The new VR experience Star Wars: Jedi Challenges is bringing fans one step closer to the ultimate dream – having lightsaber battles in your own home with classic villains from the galaxy far, far away. The new smartphone-powered augmented reality experience from Lenovo Mirage that allows you to play three games – lightsaber battles, holochess, and strategic combat – is being called an “authentic and surprisingly intense” experience, which is not surprising considering the detail that went into making Jedi Challenges feel as realistic as possible.
For $199, included in the box are a headset, lightsaber controller (Originally Anakin’s lightsaber, which was passed down to Luke, and is now Rey’s), and tracking beacon. You download the official smartphone app, put your phone in the headset and turn on the tracking beacon, once you’re set up you grab your lightsaber and are ready to check out the three experiences. The first one, lightsaber battles, allows you to fight against Star Wars villains starting with Darth Maul, Darth Vader, Kylo Ren, the Seventh Sister, and the Grand Inquisitor. The second one, strategic combat, makes you the commander as you control and place forces of the Rebellion, Republic or Resistance in a tower-defense clash with the Empire, Separatists or First Order on a 3D playfield. The last experience is holochess, the Jedi Challenges‘ version of dejarik seen in A New Hope, where you play monster chess against the AI.
The game is a lot to wrap your head around, but StarWars.com features an interview with Mike Goslin, VP, Advanced Development at Disney, about how they created such a ground-breaking experience for fans, coming up with the best way to make lightsaber fighting realistic and more. Here is what he said about the challenges they faced with creating believable lightsaber dueling (pool noodles were heavily involved in the process):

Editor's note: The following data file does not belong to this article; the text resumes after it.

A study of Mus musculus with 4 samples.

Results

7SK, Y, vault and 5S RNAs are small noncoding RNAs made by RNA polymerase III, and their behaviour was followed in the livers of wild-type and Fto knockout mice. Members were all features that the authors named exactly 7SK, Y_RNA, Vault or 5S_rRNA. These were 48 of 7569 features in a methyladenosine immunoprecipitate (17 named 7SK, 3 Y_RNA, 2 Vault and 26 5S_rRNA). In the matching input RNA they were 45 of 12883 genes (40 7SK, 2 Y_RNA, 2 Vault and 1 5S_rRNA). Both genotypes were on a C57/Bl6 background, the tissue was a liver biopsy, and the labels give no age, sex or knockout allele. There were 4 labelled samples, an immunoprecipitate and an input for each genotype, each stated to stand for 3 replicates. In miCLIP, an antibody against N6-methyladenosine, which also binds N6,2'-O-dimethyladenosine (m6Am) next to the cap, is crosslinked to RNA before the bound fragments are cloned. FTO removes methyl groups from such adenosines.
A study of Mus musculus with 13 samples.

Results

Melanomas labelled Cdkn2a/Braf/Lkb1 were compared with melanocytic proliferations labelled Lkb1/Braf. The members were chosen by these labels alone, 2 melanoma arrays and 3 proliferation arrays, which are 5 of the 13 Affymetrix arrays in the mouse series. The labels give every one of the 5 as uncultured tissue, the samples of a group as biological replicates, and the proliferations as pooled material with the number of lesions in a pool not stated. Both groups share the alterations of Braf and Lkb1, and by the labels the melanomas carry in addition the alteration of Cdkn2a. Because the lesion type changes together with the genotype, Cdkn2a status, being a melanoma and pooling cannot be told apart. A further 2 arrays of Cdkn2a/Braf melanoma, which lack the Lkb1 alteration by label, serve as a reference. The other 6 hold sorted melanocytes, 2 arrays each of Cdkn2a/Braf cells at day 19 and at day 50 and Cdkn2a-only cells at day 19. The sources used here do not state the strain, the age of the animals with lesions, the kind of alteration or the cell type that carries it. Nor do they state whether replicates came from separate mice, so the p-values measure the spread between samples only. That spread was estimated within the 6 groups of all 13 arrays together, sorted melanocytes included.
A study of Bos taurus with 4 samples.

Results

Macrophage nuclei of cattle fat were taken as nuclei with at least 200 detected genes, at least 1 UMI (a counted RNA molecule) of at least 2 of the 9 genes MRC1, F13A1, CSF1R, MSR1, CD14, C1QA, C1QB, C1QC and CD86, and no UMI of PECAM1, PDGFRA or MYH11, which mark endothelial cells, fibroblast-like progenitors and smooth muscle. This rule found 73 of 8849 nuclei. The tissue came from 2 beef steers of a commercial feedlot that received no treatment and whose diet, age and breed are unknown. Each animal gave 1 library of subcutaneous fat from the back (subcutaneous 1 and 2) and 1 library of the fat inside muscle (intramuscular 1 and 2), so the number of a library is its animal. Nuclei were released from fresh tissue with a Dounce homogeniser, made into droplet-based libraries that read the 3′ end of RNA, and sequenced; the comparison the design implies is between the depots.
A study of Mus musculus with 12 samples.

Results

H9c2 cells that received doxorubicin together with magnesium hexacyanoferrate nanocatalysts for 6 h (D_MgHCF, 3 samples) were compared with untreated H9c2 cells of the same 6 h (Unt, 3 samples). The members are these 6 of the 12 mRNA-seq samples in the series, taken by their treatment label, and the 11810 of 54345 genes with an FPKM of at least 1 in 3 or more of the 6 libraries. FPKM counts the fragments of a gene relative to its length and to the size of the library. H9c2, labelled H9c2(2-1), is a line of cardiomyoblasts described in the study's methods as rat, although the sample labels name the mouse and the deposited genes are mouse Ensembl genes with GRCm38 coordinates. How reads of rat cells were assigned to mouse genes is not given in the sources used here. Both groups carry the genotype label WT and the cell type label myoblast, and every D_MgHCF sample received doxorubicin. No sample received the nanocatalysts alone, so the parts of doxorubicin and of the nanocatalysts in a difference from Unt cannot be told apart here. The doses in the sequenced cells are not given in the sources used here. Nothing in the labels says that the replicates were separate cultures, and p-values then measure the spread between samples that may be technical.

“We started off thinking less about platforms and [more about] how could we deliver the best lightsaber experience. We very quickly came to augmented reality as the best way to do lightsabers.
“We knew it was going to be really compelling to have a life-size character right up in your personal space. That’s really intense and dramatic. We knew we could do that. But we didn’t know we could actually do sword fighting, because it’s a really specific thing. And without making contact, does it even feel right? So we spent a lot of time, I’m embarrassed to say, out in the quad here with pool noodles, working out ‘What are you going to want to feel like when you’re dueling?’ We spent a lot of time making the A.I. good, but not too good. We found out pretty early on if you get everything to line up — if you have a little bit of a haptic feedback in your hilt, and the visual is telling you that you’ve contacted something, and the character that you’re battling reacts appropriately, and the audio supports that — you start to buy into it.”